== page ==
Age discrimination is an issue that plagues older Americans across the country. While some might choose to stop working once they reach retirement age, others are choosing to delay retirement and continue working.
Although older Americans may have decades of experience under their belts, age discrimination still plays a major role in older Americans securing a job. While there are laws to protect against age discrimination (such as the Age Discrimination in Employment Act of 1967 and Age Discrimination Act of 1975), this form of prejudice is still prominent in America’s workplaces.
To better understand how age discrimination impacts older workers, Senior Living reviewed recent reports from the U.S. Equal Employment Opportunity Commission and uncovered some eye-opening findings.
Recent Trends in Age Discrimination
In 2018, there were 16,911 reported charges of age discrimination in the workplace, accounting for over 20% of the employer discrimination charges filed that year.
Age discrimination charges appeared to reach their peak in 2008 with 24,582 charges filed. Since then, charges have fluctuated from year to year, but have gradually reduced over time. The 2008 peak occurred during the Great Recession, which might account for the high surge of charges.
Types of Age Discrimination Charges
Age discrimination can come in various forms, ranging from unfair discharge to harassment. The data from 2018 shows that termination was the primary type of discrimination charge filed, followed closely by harassment, terms and conditions of employment, and discipline.
Although unfair terminations decreased by 6.4% from 2017 to 2018, they still accounted for 9,448 charges across the country. Many times older Americans are unfairly dismissed, it’s because they’re being forced into retirement. They might also be laid off despite maintaining solid job performance.
States with the Highest Numbers of Age Discrimination Cases
After surveying the entire country, the South was found to have the highest number of age discrimination cases charged in 2018. Alabama had the most (12.1 per 100K residents), followed by Mississippi, Arkansas, and Georgia.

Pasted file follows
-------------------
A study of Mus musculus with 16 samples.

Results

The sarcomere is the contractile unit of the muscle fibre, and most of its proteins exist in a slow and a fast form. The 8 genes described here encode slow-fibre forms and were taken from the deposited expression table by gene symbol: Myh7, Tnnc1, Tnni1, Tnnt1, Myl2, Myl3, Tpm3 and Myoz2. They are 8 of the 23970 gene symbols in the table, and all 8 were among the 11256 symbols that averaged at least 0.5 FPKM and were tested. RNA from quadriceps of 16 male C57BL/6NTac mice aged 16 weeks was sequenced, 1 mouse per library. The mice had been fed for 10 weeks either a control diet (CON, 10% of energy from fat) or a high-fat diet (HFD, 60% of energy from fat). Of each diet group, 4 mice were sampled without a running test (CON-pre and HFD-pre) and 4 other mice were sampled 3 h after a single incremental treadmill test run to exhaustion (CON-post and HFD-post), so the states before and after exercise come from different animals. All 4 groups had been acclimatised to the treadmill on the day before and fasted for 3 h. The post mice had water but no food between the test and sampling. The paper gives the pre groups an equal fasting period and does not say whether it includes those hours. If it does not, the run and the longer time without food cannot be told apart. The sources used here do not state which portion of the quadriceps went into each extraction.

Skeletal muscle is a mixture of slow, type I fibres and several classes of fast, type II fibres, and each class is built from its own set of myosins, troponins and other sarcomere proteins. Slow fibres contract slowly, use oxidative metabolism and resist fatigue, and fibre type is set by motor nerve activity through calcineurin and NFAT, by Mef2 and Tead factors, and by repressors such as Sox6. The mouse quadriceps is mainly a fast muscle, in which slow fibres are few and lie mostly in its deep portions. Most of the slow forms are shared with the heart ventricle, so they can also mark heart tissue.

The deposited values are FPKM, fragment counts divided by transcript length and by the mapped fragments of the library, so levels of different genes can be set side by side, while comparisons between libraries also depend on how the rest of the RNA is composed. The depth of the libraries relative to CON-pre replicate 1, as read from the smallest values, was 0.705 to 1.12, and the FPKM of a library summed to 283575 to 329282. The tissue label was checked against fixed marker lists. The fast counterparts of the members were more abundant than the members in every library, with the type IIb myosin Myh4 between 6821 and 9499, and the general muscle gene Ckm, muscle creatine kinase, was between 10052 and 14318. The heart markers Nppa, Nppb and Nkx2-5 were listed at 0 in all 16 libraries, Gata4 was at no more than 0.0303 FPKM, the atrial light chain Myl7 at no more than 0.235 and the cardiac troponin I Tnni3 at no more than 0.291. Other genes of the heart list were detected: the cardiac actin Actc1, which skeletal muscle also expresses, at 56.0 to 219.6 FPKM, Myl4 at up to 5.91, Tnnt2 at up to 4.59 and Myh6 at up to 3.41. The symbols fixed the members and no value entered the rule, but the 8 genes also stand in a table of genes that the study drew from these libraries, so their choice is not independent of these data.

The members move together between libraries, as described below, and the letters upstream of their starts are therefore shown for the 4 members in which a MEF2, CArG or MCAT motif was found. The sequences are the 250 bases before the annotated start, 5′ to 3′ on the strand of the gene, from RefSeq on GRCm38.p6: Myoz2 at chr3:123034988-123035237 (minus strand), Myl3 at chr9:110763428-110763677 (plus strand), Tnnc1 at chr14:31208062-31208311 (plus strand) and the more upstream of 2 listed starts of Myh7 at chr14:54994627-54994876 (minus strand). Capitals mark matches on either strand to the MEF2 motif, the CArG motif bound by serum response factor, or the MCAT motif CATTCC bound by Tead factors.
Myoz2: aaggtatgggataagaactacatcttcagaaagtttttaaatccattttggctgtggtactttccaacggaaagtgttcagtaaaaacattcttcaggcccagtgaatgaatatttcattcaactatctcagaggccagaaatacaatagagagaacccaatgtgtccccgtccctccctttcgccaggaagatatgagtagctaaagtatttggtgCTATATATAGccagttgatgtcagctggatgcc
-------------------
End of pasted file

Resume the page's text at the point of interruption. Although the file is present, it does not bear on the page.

Alabama likely tops the list thanks to a lack of clear regulations regarding age discrimination in the workplace.
Rhode Island, West Virginia, Massachusetts, and Vermont had the lowest incidents of age discrimination charges.
How Are Age Discrimination Cases Resolved?
Despite the high number of charges across the country, age discrimination cases don’t always end the same way. In fact, 2018 data showed that in 73% of the cases, the complaints were found to have no merit or proof of discrimination. In fact, fewer age discrimination cases are ending with a positive ruling for the individual filing the charge.
Cases that do reach a merit resolution (in favor of the individual filing discrimination charges) have seen an increase in the average payout. In 2008, the average monetary benefit paid in age discrimination was $21.2K, while in 2018, it was up to $31K.
Google, for instance, paid $11 million in monetary benefits to over 200 individuals who filed age discrimination charges in 2019.
What Can Be Done to Stop Age Discrimination?
Although age discrimination has decreased by an average of 8,000 cases per year in the past decade, there is still much to be done to help older Americans maintain their earned spots in the workforce.
In order to combat age discrimination, it’s important to look at the states where discrimination is occurring most frequently and review the regulations (if any) that exist in those areas. Understanding the frequency of occurrence along with the most common reasons for filing and subsequent case resolutions can help us better protect older Americans from discrimination.